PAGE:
Does Working From Home Increase Productivity?

Even prior to the COVID-19 outbreak, working from home was becoming increasingly commonplace. However, in the wake of the pandemic, many businesses and organizations have shifted to work from home arrangements in greater numbers than ever before — and the trend doesn’t show any signs of slowing. 

Now, the big question on everyone’s mind is does working from home increase productivity? Additionally, what are some work from home productivity tips that newly remote employees can put into practice? Read on to find out!

How does working from home impact productivity?

Work from home productivity is an important issue for newly-remote workers. For years, office-bound employees have viewed working from home as the ideal when it came to flexible work arrangements and it’s no wonder why. Less commuting, no office dress codes, and no more rigid 9 to 5 working hours are just a few of the perks most remote employees enjoy. On the other hand, working from home comes with its own unique challenges that can hamper productivity.

Most obviously, the number of distractions available to remote employees far exceeds those in a traditional office setting. From walking the dog, washing the dishes, and even watching TV, it’s easy to find any number of excuses to put off work when you’re home alone. Add a spouse, children, and pets into the mix, and the distractions — and interruptions — can multiply even more. 

The truth is that productive remote work takes a hefty amount of self-discipline and self-motivation. In an office or communal workspace, workers typically benefit from being surrounded by peers and managers who can keep them on track. So, what does the research say about work from home productivity rates? Let’s dig a little deeper. 

What does the research say about work from home productivity?

In a 2012 study, researchers found that working from home tends to have a negative impact on productivity related to “dull” tasks. However, the same study said that working from home can positively impact productivity when it comes to “creative” tasks. The difference? It all comes down to structure.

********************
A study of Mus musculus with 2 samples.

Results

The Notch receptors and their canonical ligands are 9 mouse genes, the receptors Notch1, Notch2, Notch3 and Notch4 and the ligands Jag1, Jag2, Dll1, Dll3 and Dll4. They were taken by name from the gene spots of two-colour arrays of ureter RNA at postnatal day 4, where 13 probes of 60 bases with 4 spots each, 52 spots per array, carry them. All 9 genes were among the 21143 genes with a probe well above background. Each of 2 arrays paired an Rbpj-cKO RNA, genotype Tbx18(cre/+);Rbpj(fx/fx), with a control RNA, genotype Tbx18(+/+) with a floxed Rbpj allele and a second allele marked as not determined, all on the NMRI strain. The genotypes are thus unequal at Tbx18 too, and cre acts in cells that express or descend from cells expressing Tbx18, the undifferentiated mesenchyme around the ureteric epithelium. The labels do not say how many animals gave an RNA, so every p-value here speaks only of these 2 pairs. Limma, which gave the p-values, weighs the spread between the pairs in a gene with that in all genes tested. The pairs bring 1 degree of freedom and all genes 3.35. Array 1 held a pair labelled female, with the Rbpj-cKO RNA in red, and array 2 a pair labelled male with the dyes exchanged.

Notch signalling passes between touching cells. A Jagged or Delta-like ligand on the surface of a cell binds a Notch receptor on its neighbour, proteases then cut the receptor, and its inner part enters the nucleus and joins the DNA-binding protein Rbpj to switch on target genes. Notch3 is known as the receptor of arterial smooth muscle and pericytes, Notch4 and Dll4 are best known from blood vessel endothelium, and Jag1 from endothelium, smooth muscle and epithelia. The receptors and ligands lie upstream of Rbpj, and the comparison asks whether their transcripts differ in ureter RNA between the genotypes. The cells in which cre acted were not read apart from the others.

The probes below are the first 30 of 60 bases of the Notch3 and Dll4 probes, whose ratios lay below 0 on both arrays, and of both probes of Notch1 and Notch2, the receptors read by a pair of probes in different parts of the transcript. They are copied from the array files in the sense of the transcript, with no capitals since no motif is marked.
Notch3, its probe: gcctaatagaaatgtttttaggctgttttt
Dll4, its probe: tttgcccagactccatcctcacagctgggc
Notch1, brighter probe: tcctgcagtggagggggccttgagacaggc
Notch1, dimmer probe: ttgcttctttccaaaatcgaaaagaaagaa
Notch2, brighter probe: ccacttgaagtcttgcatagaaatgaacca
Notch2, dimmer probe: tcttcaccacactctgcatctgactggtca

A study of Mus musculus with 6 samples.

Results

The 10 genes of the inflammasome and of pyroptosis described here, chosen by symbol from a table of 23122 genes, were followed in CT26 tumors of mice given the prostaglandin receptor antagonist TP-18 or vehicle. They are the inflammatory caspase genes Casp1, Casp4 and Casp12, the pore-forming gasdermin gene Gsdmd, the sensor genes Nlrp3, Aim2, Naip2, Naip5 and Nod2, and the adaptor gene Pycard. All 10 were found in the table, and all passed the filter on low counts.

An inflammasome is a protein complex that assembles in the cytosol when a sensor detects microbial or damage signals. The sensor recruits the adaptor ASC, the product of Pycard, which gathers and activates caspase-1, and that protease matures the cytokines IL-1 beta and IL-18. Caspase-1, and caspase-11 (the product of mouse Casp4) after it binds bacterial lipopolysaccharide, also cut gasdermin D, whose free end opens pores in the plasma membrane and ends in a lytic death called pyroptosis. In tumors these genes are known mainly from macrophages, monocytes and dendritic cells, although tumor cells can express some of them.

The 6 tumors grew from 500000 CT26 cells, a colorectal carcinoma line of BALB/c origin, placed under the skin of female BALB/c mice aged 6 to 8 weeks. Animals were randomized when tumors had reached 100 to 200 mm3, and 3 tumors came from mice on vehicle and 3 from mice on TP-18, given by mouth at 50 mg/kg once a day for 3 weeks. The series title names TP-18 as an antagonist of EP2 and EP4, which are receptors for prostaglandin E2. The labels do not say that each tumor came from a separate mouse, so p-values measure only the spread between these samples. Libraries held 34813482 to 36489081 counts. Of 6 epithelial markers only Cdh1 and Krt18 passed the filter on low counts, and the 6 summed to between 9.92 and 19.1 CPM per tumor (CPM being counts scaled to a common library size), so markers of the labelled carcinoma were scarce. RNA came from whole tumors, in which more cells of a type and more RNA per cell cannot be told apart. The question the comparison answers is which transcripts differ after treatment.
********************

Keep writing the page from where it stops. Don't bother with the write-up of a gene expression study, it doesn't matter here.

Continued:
In a less structured environment (e.g., working from home), all those distractions can easily pull our attention away from tasks we find dull or boring. On the other hand, it’s been shown that too much structure can impede creativity, which means that a relaxed work environment may boost productivity when it comes to creative work tasks. 

Another study that looked at 1,004 full-time workers (505 of them remote) found that, on average, the remote employees worked 1.4 more days every month than their in-office counterparts. That works out to 16.8 more days every year! What’s more, this study reported that, while office workers lost an average of 37 minutes of productive time to distractions each day, the remote employees only spent 27 minutes of each day distracted from their work. 

Interestingly, the study showed that those who work from home tend to take more breaks than office employees. Other studies have concluded that taking more frequent breaks can actually boost productivity rates

Tips for increasing work from home productivity

When it comes to increasing work from home productivity, there are several strategies and practices you can employ to help keep you focused and on-task. Here are a few to get you started:

  • Create a dedicated workspace
    Lack of structure can be a productivity killer and working from home can quickly start to feel like a curse if you don’t carve out a designated office or workspace. Create structure with your designated workspace by getting organized with the equipment and work accessories you need in order to be effective at your job. Try to avoid working long term from areas associated with other activities (sleeping, eating, watching TV etc.), if possible.  

    One key to long term remote work productivity is the ability to separate “work mode” from “comfort mode.” While clocking in from the couch or your bed can be a nice break from time to time, too much of it can make it hard to mentally turn off from work and truly feel relaxed in your own home. 
  • Stay connected to the team
    Another common work from home productivity pitfall is isolation from the rest of your team. Without regular check-ins, you may start to feel disconnected and, as a result, disinterested. Of course, managers can help address this by instituting regular Zoom meetups and employing communication tools like Slack. 
  • Plan your work strategically
    Start by identifying pockets of time during which you are most focused and least distracted, and plan your work accordingly. For instance, if your mornings are the most opportune times for getting deep work done, then schedule work on your highest priority and most intensive tasks before noon. 
  • Take frequent breaks
    Studies have shown that the human brain best works in bursts of focused activity, typically around an hour at a time. A good rule of thumb to take advantage of this is to take a five to 10-minute break every hour. The best way to maximize those breaks? Pull yourself away from the computer and stretch, walk, or even have a quick virtual chat with a coworker. 

At the end of the day, employees working from home can be more productive, less productive, or equally productive as office workers. As a manager or organizational leader, one great way to track the productivity of both remote and in-office workers is with a work management platform like Wrike. Want to see exactly how Wrike’s tools can help you monitor and stay connected with employees working from home? Start a free two-week trial right now by filling out the form below!